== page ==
The winner of this year’s Nobel peace prize is to be named on Friday morning, putting an end to a period of speculation and volatile betting.
The winner of this year’s Nobel peace prize is to be named on Friday morning, putting an end to a period of speculation and volatile betting. Past experience, however, suggests that bookies’ odds are an unreliable guide: the Oslo-based prize committee has shown itself to be leak-proof, inscrutable and quite capable of springing surprises, such as the award to Barack Obama only a few months into his tenure, and to the European Union in 2012.
Adding to the intrigue, the committee was embroiled in an unprecedented internal coup in March, when its Labour party chairman of five years was ousted by rightwingers and replaced by a former Conservative party leader and business executive, Kaci Kullmann Five. The committee’s decision on Friday will be scrutinised, in Norway at least, for signs of the political pendulum swinging.
Here are some of the contenders for this year’s prize:
The Argentinian pontiff surged into the running after it emerged the Vatican had played a key role in brokering the re-establishment of relations between the US and Cuba last December. His successful visit to both countries last month and his enthusiastic embracing of the causes of social justice and stopping climate change have not hindered his chances, either.
His odds are improved by general popularity, a friendly demeanour and apparent flexibility on the interpretation of some Catholic dogma, such as the ban on the ordination of married priests. The image was tarnished somewhat by the news that he had met a Kentucky county clerk, Kim Davis, who had become a figurehead for American religious hardliners because of her refusal to issue marriage licences to same-sex couples.
On the other hand, it transpired he had also given an audience to a former pupil and his same-sex partner on the same US visit. His adherence to the Vatican’s line on the role of women would make him a hard sell in Norway.
The German chancellor has recently emerged as one of the bookies’ favourites after opening her country’s doors to refugees, a decision that could provide haven for more than 800,000 people fleeing the Syrian conflict and other wars. It was a dramatic gesture that served to highlight the miserly response of most other European leaders and triggered extraordinary scenes at railway and bus stations as Germans turned out to welcome the new arrivals.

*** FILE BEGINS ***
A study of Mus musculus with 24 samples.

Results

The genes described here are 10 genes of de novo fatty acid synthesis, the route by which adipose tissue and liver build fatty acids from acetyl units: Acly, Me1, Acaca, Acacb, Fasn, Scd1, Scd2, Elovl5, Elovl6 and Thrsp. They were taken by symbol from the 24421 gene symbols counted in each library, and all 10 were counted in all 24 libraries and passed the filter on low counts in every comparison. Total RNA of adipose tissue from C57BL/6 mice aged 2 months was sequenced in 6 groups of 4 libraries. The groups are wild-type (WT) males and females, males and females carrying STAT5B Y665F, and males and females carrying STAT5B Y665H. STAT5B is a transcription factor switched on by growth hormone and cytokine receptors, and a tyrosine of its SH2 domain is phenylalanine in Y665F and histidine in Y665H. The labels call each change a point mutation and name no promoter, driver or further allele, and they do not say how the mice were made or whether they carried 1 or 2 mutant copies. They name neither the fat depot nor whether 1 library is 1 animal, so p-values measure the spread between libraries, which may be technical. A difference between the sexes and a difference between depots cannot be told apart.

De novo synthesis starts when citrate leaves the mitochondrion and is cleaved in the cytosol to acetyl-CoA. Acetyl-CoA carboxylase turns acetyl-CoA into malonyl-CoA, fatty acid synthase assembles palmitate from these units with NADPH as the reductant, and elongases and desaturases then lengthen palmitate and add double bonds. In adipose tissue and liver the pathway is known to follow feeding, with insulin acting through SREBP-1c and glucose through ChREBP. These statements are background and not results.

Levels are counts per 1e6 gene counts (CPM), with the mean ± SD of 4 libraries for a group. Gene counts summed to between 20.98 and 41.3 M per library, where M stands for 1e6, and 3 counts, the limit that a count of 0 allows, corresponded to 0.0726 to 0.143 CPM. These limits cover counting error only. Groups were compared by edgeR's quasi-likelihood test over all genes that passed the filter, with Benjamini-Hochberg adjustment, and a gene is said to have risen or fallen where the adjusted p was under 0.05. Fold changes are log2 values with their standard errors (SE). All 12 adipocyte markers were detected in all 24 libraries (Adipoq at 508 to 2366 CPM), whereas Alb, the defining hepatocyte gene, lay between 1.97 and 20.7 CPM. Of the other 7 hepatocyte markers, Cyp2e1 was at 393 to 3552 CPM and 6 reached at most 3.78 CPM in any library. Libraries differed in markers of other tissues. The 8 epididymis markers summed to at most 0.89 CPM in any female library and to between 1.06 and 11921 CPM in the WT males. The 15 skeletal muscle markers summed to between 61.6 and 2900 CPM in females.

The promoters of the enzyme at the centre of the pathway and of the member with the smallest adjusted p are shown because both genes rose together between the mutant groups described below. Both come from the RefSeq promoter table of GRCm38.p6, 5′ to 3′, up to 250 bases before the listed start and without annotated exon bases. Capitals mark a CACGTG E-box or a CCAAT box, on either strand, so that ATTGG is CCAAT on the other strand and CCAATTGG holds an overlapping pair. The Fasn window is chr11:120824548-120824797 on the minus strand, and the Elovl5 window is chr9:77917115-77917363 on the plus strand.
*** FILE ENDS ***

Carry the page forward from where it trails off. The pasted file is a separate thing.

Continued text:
While the emotional power of such scenes helped make Merkel a frontrunner, it cannot hurt, either, that she hails from the same centre-right political camp as the Nobel chairwoman. On the negative side, Merkel’s open-door policy has created strains and tensions among the state governments hosting the refugees.
Train services from Austria have been suspended and border controls introduced in some places to mitigate the influx of people, forcing Merkel on to the defensive. Greece, which has found itself on the wrong end of her penchant for fiscal austerity, would not take kindly to her winning, nor presumably would be the many migrants from the Balkans now facing deportation and reduced benefits.
Until the refugee crisis in Europe reached its climax over the summer, the US secretary of state and the Iranian foreign minister looked to be obvious favourites for the prize. Over two years of intensive diplomacy the two men crafted a deal on Iran’s nuclear programme that many had thought impossible.
In the course of countless late nights in a succession of European cities, during which Kerry and Zarif, representatives of two hostile nations, came to spend more time with each other than with any other foreign official, they overcame the enormous technical complexity of the issue and the entrenched opposition from hardliners at home.
The deal has since been endorsed by the UN security council and survived critical scrutiny in the US and Iranian legislatures. It was a victory for tenacious diplomacy, and its supporters argue, with some justification, it averted another war in the Middle East as well as being a significant victory against nuclear proliferation. On the other hand, the agreement has yet to begin being implemented and is the subject of ongoing, bitter attack from US Republicans and the Israeli government.
Much will depend on whether the new majority on the Nobel committee minds offending these constituencies by awarding the Obama administration a second prize.
This Eritrean priest set up a hotline for refugees from his country and beyond who found themselves in peril on the dangerous journey to Europe. He set up a centre to field calls from north Africa and from leaky, drifting boats on the Mediterranean.
He has meanwhile become an advocate for refugees in the face of poor conditions and hostility across much of Europe. If the Nobel committee was looking for an everyman hero, Zerai could fit the bill. On Tuesday, Paddy Power had him as their joint favourite, along with the the International Campaign to Abolish Nuclear Weapons. Odds on both: 6/1.
The Congolese gynaecologist has been on the Nobel committee’s radar for several years for his determined and often lonely work with rape victims in the Democratic Republic of Congo. He was awarded the European parliament’s Sakharov prize for human rights work in 2014. Could his next award be the Nobel?
The 33-year-old youth activist is a survivor of the chronic conflict and insecurity of northern Uganda, having seen his elder brother abducted by the Lord’s Resistance Army rebel group. He set up the African Youth Initiative Network to work with other child victims and help them recover from their trauma.